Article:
1 January 2000 | 31916 views
NACA publishes technical papers and manuals for a wide variety of farming systems and related environmental and social issues. Many of these provide guidance on better management practices with a view to improving crop outcomes and on-farm resource utilisation efficiency. By using inputs such as feed and power more efficiently, farmers can simultaneously improve their profitability and environmental performance.
In this collection
Better practice guidelines: Spawn production in hatcheries
These guidelines provide advice on producing fish seed in small-scale hatcheries. This publication is also available in Oriya.
Better practice guidelines: Fry production - nursing spawn
‘Spawn’ is the name for the young fish about three days old that are available from hatcheries. Sometimes these young fish are also called hatchlings. The spawn of catla, rohu and mrigal is about 6-8 mm long. At this stage, the ‘yolk sac’ is absorbed, the mouth opened and the fins fully developed. Spawn are reared intensively, first to the ‘fry’ size and then to the ‘fingerling’ size. All the three stages are marketed and collectively called ‘seed’.
Better-practice guidelines: Fast fingerling production - nursing spawn in ponds
The “fast fingerling system” can produce advanced fingerlings about two months earlier than they are normally available from fish farms. The farmer uses just one pond for continuous growing until fingerling size is reached, and fewer fish are stocked. A farmer with a small, seasonal pond can produce fingerlings in one month. These can then be sold for a high price because everyone wants fingerlings as early as possible.
Better practice guidelines: Fingerling production nursing fry in ponds
The fingerling rearing pond, like the nursery pond, should be free from weeds and predators. Submerged weeds and predators are killed by mahua oilcake, which then acts as a good fertiliser. If there are no weeds, to kill predators and competitors quickly you can just add 100 kg of urea followed 24 hours later by 200 kg of fresh bleaching powder for a 1-ha area of a 1-m deep pond.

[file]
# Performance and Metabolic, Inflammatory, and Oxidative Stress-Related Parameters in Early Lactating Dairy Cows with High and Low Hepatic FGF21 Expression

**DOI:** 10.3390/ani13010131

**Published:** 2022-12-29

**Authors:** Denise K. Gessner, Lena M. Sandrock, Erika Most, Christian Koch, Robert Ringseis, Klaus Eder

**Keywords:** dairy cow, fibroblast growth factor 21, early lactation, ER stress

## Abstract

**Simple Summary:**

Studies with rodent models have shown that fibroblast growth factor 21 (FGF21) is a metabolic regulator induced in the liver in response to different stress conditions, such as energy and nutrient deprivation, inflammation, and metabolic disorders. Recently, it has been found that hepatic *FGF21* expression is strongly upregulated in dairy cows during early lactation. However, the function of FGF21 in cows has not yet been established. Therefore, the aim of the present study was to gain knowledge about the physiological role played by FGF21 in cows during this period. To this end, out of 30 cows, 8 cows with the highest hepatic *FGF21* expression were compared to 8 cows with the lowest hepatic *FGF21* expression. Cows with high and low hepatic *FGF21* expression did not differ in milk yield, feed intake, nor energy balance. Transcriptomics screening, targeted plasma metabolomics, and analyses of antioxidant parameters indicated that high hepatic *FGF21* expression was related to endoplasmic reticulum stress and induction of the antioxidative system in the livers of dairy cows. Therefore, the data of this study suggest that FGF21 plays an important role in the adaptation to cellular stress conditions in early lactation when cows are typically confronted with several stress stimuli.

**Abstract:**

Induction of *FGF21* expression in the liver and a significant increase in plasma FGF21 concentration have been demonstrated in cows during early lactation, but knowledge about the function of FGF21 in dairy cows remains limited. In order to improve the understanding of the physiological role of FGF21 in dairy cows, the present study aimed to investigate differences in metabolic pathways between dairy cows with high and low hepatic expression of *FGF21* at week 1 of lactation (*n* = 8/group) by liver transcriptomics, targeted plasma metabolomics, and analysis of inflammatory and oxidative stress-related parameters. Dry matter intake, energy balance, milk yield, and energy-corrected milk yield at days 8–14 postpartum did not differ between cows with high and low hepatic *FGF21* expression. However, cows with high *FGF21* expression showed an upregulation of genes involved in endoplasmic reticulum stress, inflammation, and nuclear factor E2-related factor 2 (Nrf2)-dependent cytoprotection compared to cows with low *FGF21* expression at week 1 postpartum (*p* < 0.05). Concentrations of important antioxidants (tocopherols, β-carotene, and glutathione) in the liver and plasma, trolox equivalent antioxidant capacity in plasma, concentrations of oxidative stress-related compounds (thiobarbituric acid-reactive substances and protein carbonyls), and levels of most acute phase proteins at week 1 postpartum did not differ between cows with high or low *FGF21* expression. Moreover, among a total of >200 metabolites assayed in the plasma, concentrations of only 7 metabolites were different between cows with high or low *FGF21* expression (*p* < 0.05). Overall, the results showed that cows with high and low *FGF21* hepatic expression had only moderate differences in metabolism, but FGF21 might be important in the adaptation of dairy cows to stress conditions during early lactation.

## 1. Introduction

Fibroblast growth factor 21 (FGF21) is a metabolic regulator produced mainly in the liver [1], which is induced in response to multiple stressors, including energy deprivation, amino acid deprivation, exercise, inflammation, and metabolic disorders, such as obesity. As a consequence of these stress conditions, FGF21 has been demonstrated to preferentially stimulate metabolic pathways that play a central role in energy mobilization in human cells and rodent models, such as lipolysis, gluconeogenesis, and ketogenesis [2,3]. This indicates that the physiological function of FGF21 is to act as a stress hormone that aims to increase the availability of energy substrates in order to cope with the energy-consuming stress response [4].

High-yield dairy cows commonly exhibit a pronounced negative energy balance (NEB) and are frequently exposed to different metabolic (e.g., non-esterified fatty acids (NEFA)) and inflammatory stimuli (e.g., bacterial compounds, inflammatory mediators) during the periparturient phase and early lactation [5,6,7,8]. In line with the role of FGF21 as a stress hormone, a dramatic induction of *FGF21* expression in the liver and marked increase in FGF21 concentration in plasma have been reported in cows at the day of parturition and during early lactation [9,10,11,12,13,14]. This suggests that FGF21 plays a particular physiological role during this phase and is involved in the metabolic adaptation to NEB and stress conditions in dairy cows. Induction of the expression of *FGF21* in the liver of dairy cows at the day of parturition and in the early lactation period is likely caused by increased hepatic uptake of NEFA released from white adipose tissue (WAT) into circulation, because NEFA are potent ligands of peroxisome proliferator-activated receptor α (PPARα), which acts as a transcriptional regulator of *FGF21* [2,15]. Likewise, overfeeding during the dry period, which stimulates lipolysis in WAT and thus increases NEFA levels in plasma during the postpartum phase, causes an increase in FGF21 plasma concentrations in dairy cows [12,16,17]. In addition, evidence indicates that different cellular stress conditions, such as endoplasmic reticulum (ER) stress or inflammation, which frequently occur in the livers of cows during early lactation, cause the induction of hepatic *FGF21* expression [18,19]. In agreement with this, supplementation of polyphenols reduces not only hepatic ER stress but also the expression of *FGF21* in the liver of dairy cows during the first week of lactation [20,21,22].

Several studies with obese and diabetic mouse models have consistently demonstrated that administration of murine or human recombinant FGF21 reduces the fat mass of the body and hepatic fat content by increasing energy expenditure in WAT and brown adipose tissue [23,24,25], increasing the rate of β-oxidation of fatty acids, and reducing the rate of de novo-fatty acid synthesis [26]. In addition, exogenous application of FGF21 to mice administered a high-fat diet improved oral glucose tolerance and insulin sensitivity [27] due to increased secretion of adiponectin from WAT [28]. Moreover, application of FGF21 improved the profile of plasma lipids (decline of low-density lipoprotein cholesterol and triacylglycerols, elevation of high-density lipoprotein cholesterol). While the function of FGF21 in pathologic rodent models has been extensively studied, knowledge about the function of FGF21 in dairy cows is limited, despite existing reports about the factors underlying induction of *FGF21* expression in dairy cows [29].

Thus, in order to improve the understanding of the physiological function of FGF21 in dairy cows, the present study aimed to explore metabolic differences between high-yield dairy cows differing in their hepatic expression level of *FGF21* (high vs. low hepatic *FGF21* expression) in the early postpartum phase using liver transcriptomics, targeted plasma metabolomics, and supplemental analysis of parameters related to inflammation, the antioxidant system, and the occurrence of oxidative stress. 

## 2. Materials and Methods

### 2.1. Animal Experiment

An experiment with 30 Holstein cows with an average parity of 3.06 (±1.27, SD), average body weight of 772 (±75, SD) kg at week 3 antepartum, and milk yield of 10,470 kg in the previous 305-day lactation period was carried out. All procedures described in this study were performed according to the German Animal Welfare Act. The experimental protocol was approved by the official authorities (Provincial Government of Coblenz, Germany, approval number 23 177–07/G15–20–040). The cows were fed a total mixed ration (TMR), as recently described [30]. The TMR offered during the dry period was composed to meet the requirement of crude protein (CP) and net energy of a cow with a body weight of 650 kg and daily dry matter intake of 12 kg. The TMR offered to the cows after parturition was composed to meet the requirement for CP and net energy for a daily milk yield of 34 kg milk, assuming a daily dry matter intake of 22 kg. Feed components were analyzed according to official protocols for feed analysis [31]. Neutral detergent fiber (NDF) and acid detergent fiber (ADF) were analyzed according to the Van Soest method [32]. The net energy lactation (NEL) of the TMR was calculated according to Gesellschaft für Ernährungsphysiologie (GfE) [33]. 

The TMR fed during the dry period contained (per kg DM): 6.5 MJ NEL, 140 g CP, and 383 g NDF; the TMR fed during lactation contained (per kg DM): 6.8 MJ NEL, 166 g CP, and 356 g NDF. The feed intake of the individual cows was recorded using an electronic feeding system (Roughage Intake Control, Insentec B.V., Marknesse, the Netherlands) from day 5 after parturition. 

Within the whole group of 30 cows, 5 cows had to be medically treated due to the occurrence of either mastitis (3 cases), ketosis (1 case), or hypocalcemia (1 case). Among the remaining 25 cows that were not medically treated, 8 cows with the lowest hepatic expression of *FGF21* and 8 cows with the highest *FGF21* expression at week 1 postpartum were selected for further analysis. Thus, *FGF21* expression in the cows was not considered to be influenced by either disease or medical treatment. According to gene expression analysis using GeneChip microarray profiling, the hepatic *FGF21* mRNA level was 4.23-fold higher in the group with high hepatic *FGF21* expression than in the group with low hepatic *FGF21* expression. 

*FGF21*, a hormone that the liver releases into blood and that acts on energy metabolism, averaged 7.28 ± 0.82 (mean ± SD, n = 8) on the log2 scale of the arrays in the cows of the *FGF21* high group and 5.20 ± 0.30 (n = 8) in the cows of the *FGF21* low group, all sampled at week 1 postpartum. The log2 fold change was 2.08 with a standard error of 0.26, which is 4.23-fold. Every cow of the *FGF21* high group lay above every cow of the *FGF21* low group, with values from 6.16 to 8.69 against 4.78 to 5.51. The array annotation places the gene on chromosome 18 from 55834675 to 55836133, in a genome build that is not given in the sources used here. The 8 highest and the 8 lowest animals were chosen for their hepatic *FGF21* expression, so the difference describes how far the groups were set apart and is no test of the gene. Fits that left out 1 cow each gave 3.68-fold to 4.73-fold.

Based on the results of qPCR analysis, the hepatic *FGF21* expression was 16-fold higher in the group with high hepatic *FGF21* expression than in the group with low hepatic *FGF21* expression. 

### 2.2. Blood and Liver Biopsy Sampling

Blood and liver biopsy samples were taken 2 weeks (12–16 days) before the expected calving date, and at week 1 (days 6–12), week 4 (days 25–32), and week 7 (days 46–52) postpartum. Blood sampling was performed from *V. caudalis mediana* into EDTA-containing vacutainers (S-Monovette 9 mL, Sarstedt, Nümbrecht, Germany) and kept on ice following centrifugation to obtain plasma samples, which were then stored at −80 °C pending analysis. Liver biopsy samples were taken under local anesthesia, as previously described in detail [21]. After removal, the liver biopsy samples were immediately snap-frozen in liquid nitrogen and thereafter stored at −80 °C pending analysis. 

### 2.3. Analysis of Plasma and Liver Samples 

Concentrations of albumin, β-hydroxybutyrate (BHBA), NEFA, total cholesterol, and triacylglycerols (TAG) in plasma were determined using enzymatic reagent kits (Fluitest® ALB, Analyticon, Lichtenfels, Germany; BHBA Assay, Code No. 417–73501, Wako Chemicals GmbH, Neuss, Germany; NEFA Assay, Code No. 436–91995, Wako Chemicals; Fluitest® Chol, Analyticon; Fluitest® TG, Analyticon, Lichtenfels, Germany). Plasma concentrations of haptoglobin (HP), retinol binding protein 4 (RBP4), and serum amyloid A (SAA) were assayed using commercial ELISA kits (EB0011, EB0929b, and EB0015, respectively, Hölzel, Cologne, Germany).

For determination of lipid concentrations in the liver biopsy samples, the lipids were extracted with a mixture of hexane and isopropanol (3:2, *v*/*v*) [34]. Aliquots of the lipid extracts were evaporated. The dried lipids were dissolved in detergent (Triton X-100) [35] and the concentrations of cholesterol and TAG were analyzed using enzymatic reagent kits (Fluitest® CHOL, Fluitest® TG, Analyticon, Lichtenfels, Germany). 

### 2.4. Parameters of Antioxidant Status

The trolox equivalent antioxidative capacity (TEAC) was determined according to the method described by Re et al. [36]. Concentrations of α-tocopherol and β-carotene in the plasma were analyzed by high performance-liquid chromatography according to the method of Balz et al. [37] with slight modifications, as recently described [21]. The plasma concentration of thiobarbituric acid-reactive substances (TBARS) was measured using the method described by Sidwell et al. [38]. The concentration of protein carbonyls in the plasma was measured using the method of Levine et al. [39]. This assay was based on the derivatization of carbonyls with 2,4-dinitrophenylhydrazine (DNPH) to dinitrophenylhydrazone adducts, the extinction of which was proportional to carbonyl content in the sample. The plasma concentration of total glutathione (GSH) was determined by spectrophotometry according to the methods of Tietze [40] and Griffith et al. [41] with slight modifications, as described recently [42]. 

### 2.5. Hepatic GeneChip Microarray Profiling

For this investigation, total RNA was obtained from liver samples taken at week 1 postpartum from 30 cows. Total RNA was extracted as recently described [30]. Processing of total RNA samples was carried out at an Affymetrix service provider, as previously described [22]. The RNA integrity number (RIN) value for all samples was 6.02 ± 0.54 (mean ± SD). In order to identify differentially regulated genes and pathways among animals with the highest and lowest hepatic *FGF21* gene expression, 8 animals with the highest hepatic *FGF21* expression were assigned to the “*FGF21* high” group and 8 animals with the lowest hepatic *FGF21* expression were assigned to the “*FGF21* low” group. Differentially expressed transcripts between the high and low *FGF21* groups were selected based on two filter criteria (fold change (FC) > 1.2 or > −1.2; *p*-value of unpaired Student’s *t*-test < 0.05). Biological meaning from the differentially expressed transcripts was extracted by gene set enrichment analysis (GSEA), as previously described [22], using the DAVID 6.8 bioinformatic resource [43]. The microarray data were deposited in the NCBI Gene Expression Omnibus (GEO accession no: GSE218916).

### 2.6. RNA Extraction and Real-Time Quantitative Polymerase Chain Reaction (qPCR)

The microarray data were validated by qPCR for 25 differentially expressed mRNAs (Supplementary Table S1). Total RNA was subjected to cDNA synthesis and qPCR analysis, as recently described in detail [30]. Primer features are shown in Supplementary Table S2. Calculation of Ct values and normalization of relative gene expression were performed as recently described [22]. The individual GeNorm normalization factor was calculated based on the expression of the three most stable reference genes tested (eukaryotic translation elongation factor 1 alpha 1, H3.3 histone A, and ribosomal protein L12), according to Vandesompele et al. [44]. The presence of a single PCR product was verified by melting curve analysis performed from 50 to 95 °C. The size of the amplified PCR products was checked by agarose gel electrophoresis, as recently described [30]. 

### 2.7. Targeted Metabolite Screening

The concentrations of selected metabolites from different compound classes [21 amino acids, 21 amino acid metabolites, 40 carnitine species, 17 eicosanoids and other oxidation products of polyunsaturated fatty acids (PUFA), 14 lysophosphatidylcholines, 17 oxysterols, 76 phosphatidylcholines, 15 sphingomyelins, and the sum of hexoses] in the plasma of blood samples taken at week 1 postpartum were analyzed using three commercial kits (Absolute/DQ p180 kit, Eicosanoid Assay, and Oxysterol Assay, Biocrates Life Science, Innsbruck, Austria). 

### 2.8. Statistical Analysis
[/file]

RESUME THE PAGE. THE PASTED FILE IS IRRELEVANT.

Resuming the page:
The international seafood trade: Marine ornamentals trade in the Philippines and options for its poor stakeholders
This report provides insight into the status of the marine ornamental fish trade in the Philippines, including policy environment, collection, distribution channels, markets and constraints. The report also reviews the livelihoods of poor stakeholders in market chains including economic and financial aspects, natural and physical resources, livelihood patterns, social structures. The report provides recommendations for policy makers and stakeholders in improving the livelihoods of poor stakeholders in marine ornamental fish collection and market chains and resource management.
Better practice guidelines: Fingerling production nursing spawn and fry in pens
In watersheds, medium irrigation projects can be useful for aquaculture even though these water bodies are many times larger than ponds, and are basically built for irrigation or water storage. However, the full potential of these water bodies is not yet realised. Net pens or cages can be used to rear fingerlings in such environments.
Better practice guidelines: Advanced fingerling production in seasonal ponds
It is best to stock advanced fingerlings in large ponds, tanks, and in both small and large reservoirs, since they can better escape predators and competitors. Seasonal ponds, often 0.10-0.15 ha and 1.5-1.8 m deep can be used as rearing ponds for raising advanced fingerlings. Low water levels at the end of the season will make netting and harvesting easy.
Better practice guidelines: Advanced fingerling production in perennial ponds
Everyone wants advanced fingerlings as early after the rains as possible. They fetch a good price and make marketable fish production possible in seasonal ponds. One way to produce early season advanced fingerlings is to grow them in perennial ponds and store them at high density with minimal feeding for the coming year. Whe such "stunted" fingerlings are stocked into ponds with good feed they grow fast and can be marketed in about 6-8 months.
Better practice guidelines: Spawn production of common carp
Common carp is a foreign fish and there are several varieties. The variety used in Western Orissa is the fully scaled carp, which suits the tropical climate. Common carp lives and feeds near the pond bottom and can be grown with the Indian major carps, catla, rohu and mrigal as a 'polyculture' (which means growing many different types of fish together). It can also be grown alone, as a 'monoculture' in rice fields with high dykes that retain water.
Better management practices manual for black tiger shrimp (Penaeus monodon) hatcheries in Viet Nam
In order to provide practical and effective technical guidance for shrimp hatchery management, it is necessary to establish a set of better management practices (BMPs) which underpin an effective hatchery production system. This document is not a complete manual on the management of P. monodon hatcheries but concentrates on the implementation of BMPs for the hatchery covering all of the critical stages and processes in the production cycle, which are currently believed to be causing problems in Vietnamese hatcheries.